Collateral Consequences of DUI

When you think about the Arizona DUI penalties, you might think about the mandatory jail time, the fees, the suspended license, and the ignition interlock device. You may not think about all the collateral consequences that come with getting a DUI.

(cc) sean_hickin from Flickr

When you get your first DUI, your driver’s license will be suspended for 90 days. After 30 days, you may apply for a restricted driving permit “for travel to and from work, on the job, to and from school, and to and from a treatment center.” That means for the first month, you may not drive anywhere for any reason. Think about all the places you go in the month (school, work, stores, gym, out with friends, airport, etc.) and then think about how you would get there without a car.

If you get a restricted driving permit, there are still a lot of situations in which you cannot drive. Instead you’ll be dependent on friends and family, cabs, public transportation, or your own two feet to get you there. Taking your child to a classmate’s birthday party is much more challenging using the bus system instead of driving.

It’s not only the convenience of driving that you lose, you also lose the luxury of having your car to carry your things for you. If you were used to going to the grocery store once a week and stocking up on everything you need, you might need to change that to three smaller trips a week because you’re limited to what you can carry.

When you can drive, you can go where you want, when you want. When you are relying on friends, cabs, and public transportation, you’re operating on their timetables.  If you’re using public transportation, what used to be a quick 30-minute trip might suddenly be a 2-hour ordeal.

The Phoenix metro area has a good public transportation system of buses and the light rail, but at $3.50/day, the cost adds up quickly. Taking a cab is even more expensive. Additionally, you will still be making car payments and insurance payments on a car you can’t drive.

You may be losing money for work you missed by going to court and spending time in jail. You might have to spend extra money on child care because your travel time is longer, giving your friends gas money when they tote you around, and possibly spending extra money on new walking shoes, a backpack, and/or a bike to make getting around on your own easier.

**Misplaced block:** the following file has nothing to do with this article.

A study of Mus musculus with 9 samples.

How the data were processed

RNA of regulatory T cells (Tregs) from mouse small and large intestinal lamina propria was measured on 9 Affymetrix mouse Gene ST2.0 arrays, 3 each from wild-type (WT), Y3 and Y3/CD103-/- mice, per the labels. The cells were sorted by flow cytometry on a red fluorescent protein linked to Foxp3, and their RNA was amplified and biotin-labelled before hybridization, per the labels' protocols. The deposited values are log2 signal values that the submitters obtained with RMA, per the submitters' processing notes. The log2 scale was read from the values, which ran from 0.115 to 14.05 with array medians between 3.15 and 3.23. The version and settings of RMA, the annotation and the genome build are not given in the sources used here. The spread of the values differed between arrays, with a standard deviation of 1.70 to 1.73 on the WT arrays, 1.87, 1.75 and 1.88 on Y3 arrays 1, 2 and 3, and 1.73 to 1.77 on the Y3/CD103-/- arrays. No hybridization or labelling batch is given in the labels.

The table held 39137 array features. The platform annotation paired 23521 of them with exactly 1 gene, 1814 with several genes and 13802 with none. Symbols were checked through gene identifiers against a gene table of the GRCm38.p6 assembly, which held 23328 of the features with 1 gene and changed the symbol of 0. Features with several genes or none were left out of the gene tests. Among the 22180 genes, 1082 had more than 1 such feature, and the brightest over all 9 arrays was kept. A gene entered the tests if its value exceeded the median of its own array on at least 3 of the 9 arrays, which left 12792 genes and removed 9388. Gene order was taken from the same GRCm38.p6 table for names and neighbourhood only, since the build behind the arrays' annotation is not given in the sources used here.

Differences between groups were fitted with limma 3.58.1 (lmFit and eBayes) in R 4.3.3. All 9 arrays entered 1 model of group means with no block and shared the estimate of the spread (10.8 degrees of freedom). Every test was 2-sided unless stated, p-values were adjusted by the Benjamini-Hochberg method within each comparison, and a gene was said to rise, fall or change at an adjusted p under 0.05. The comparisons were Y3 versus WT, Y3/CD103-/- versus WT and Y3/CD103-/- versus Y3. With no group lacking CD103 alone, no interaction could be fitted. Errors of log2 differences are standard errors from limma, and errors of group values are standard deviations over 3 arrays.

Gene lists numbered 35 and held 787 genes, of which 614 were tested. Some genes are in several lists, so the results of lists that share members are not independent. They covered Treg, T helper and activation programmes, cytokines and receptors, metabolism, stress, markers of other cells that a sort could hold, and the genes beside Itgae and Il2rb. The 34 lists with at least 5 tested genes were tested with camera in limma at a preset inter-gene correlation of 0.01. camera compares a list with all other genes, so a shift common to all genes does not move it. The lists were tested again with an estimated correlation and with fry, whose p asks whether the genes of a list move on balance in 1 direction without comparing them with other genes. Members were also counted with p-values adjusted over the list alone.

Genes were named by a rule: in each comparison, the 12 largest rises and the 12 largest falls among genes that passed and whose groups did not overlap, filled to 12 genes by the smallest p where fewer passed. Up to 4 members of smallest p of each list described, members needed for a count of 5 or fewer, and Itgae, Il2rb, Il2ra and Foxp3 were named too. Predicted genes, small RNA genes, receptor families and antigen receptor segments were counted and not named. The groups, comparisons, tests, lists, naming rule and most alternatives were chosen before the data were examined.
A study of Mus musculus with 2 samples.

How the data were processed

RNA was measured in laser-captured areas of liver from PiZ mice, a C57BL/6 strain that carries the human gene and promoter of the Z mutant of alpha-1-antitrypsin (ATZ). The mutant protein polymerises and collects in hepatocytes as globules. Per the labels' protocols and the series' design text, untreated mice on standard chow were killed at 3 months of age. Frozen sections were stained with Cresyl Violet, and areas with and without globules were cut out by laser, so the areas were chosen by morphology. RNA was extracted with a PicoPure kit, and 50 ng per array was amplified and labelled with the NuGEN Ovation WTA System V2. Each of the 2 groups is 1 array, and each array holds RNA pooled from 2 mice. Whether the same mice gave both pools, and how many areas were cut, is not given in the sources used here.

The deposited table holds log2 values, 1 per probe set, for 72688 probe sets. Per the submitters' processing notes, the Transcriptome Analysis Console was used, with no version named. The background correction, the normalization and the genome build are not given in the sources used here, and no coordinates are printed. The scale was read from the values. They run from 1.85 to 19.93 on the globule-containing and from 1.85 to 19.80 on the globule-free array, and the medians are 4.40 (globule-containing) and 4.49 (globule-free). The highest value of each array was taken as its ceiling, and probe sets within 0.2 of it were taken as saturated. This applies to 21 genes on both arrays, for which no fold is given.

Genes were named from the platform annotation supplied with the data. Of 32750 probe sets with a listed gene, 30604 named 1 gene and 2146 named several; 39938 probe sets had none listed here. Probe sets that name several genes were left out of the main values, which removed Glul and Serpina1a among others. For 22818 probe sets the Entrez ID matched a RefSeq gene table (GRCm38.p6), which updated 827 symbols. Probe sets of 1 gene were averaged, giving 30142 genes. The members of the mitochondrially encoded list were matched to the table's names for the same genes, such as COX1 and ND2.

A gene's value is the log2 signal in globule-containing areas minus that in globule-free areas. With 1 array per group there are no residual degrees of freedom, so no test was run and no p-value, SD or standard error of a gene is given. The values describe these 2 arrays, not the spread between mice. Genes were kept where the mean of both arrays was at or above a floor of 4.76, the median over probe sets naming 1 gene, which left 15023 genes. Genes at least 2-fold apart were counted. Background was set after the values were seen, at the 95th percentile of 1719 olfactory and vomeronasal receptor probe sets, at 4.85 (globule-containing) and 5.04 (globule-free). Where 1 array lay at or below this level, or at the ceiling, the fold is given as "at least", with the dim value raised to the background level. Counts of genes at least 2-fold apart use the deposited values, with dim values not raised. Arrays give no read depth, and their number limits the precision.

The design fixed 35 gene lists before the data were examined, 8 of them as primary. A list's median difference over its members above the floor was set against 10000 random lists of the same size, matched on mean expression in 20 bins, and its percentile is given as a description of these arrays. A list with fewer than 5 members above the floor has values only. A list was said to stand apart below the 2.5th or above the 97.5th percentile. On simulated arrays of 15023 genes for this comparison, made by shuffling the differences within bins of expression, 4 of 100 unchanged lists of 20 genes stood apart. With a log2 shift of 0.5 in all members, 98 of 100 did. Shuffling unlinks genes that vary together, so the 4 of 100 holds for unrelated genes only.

Strained Relationships
Your friends and family love you, but constantly hitting them up for rides can create resentment. They may understand your predicament, but don’t want you to be a leech either.

Employment Issues
You may have to miss work to go to court, serve your jail time, attend treatment, and comply with probation. You may have to cash in your paid leave time or not get paid for the work you miss.

Arizona is an at-will state. This means that unless your employment contract says otherwise, you can be fired at any time for any reason. If your employer decides that they do not want someone with a history of DUI working for them, they can fire you and your only recourse is to file for unemployment.

Lack of Photo Identification
When you get your first DUI, if the law enforcement officer uses a breath test to test your blood-alcohol level, the officer will take your driver’s license and give you a temporary paper license that’s good for 15 days before your suspension goes into effect. If your driver’s license is your only photo ID, you could be facing the hassle of going to the MVD for an ID card. Until then, you won’t have a photo ID to purchase alcohol or cigarettes, enter a bar or club, open a bank account, write a check, vote, or get on an airplane.

If you have been arrested for DUI, contact an attorney for DUI at Oracle Law Group Office P.C. for assistance with your DUI case.